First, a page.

In a study published in BMC Cancer, researchers in China found that in patients with renal cell carcinoma (RCC), renal function change, which was associated with preoperative estimated glomerular filtration rate (eGFR) and pathological type, was a prognostic risk factor for cancer-specific survival (CSS).
The aim of the study was to validate previous conclusions, while also looking at the influencing factors of perioperative renal function change and their relationship with prognosis in patients with RCC and tumor thrombus (TT) after nephrectomy and thrombectomy.
“In RCC patients with TT, [radical nephrectomy; RN] with thrombectomy combined with metachronous adjuvant therapy seems to be the most effective methods to better prognosis,” the authors wrote. “However, this surgical method might have effect on renal function owing to the loss of renal tissue and targeted therapy also has a certain impact on serum creatinine in patients with advanced RCC.”
Researchers retrospectively analyzed the data of 135 patients with RCC and tumor thrombus who underwent nephrectomy and thrombectomy from May 2015 to July 2018. Of this cohort, 101 (74.8%) were male and 34 (25.2%) were female. The mean preoperative eGFR was 73.9 ± 21.8 mL/(min × 1.73 m2) and postoperative eGFR was 69.5 ± 25.2 mL/(min × 1.73 m2).
Using multivariate linear regression analysis, preoperative eGFR (P < 0.001) and pathological type (P = 0.038) were significant predictive factors of absolute change (ACE). In regard to percent change (PCE), preoperative eGFR (P < 0.001) and pathological type (P = 0.002) were significant predictors. Additionally, using multivariate logistic regression analysis, preoperative eGFR (P = 0.016) was the only risk factor for predicting worse postoperative renal function.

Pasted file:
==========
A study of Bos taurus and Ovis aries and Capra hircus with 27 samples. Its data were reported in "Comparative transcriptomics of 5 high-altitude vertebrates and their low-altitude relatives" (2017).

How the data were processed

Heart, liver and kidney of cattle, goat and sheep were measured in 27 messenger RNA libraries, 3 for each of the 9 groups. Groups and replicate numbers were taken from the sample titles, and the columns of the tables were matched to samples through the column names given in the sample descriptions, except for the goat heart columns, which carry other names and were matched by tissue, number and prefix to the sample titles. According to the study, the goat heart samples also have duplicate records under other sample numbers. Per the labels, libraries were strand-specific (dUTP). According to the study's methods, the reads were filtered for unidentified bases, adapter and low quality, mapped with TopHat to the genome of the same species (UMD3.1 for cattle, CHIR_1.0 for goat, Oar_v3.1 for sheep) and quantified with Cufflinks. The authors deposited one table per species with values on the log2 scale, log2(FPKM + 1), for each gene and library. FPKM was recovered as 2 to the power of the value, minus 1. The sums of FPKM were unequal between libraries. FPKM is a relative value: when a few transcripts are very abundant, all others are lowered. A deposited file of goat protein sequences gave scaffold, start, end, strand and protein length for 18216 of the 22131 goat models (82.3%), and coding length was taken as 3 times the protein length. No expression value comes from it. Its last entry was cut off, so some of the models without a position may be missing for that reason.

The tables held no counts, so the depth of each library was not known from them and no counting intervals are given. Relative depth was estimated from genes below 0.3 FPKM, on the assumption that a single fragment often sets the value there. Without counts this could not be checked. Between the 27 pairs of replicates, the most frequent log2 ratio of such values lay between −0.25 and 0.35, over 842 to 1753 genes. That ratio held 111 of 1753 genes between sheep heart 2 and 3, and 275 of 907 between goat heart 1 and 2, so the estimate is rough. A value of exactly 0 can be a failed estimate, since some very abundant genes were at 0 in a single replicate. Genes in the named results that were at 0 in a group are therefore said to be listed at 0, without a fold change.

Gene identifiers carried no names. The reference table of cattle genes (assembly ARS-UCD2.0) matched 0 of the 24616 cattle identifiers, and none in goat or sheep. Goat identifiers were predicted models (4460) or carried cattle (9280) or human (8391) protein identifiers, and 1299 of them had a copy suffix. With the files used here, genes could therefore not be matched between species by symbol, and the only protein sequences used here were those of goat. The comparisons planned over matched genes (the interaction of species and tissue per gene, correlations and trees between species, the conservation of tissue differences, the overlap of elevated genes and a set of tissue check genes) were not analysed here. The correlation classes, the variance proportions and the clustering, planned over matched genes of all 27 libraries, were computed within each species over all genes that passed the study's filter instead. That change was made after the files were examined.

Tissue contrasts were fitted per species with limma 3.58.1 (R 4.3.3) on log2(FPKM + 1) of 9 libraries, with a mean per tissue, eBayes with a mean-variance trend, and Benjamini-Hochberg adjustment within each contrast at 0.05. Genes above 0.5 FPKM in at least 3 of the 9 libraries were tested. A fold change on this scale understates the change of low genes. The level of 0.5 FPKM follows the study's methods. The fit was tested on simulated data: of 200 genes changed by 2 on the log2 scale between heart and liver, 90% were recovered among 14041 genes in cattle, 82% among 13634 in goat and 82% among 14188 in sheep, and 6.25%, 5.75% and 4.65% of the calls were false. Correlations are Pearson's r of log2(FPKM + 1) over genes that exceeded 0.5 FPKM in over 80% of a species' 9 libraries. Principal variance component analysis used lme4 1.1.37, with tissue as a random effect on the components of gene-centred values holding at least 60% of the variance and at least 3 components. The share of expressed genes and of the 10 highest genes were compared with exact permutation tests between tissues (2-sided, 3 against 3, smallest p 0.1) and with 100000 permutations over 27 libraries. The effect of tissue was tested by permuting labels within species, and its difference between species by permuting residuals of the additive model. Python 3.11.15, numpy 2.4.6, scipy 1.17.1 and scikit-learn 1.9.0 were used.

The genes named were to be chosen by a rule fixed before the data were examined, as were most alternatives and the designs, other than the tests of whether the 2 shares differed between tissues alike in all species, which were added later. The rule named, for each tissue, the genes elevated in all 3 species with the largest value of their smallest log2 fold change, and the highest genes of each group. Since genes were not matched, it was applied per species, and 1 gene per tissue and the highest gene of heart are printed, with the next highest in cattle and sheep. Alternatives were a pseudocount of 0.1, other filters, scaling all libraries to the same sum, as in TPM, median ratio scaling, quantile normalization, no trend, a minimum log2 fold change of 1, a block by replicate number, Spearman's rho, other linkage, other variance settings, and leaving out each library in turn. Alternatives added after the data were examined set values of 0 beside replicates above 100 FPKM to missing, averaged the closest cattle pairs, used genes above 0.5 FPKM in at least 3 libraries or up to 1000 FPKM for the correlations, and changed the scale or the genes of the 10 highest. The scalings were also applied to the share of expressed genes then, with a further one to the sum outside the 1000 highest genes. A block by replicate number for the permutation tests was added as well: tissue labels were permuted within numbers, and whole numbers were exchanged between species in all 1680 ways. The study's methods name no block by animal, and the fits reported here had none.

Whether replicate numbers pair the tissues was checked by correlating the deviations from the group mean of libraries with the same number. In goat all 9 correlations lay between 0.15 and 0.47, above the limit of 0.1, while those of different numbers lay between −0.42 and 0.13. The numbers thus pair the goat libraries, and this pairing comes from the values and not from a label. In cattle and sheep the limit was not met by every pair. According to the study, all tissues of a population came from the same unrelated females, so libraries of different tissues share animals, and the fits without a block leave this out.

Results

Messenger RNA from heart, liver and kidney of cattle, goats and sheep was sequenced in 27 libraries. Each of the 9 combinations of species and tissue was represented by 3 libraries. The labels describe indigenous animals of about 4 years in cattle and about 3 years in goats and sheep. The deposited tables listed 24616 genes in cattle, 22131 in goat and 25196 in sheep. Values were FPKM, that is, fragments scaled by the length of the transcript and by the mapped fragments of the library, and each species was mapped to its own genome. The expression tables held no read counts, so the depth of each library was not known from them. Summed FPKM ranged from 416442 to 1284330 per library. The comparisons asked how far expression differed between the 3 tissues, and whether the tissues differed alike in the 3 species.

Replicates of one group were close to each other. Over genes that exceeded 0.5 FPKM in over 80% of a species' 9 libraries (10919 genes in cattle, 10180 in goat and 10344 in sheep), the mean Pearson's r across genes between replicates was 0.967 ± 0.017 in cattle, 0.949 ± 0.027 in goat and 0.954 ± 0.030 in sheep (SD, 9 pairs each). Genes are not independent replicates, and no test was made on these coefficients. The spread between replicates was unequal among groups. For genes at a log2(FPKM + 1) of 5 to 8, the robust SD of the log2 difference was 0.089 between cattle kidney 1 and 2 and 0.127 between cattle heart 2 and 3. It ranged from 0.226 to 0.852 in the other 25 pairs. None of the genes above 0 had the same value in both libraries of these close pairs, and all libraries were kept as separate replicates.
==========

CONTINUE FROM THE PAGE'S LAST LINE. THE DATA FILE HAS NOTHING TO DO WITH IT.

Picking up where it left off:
During follow-up, researchers found that 22 patients (16.3%) had died due to RCC. According to ROC analysis, the cut-off values for ACE and PCE were 13.9 and 0.16, respectively. An ACE < 13.9 and a PCE > 0.16 indicated worse CSS (P = 0.006 and P = 0.047, respectively). Using a multivariate Cox regression analysis of several related factors, perinephric tissues invasion (P = 0.001), sarcomatoid differentiation (P = 0.001), and ACE> 13.9 (P = 0.002) were found to be significant prognostic factors for CSS. However, a PCE > 0.16 was not suggested to be (P = 0.055).
Researchers indicated that in their single-institution experience, the cause of renal insufficiency after RN with thrombectomy consists of at least 2 aspects. The first is renal ischemia due to uninjured renal vein occlusion during operation. The second may be caused by insufficient circulation volume due to a significant amount of bleeding during operation.
Moreover, it was suggested that the urine color and volume be closely monitored during operation. Additionally, several serum markers, such as serum creatinine, urea, and electrolyte levels, should also be observed. For those with oliguria, increased serum creatinine, or urea, it was recommended for physicians to supply blood volume and perform diuretic therapy in time, making blood dialysis therapy as well if deemed necessary.
“The renal function is truly influenced by many factors. Our article only lists some of them, which is not comprehensive enough,” the authors wrote. “However, there seems to be less studies about renal function changes in TT patients in our knowledge and our study has obtained some conclusion for foundation of further research.”
The researchers went on to indicate that future research requires a larger cohort performed at multiple centers, as well as prospective studies. “We expect a new more complex index including all prognostic predictors in assessing the change of perioperative renal function of patients following RN with thrombectomy in the future.”
Liu Z, Tang S, Tian X, et al. The effect of renal function change on renal cell carcinoma patients with tumor thrombus after nephrectomy and thrombectomy: a large Chinese center experience. BMC Cancer. doi:10.1186/s12885-020-6563-7.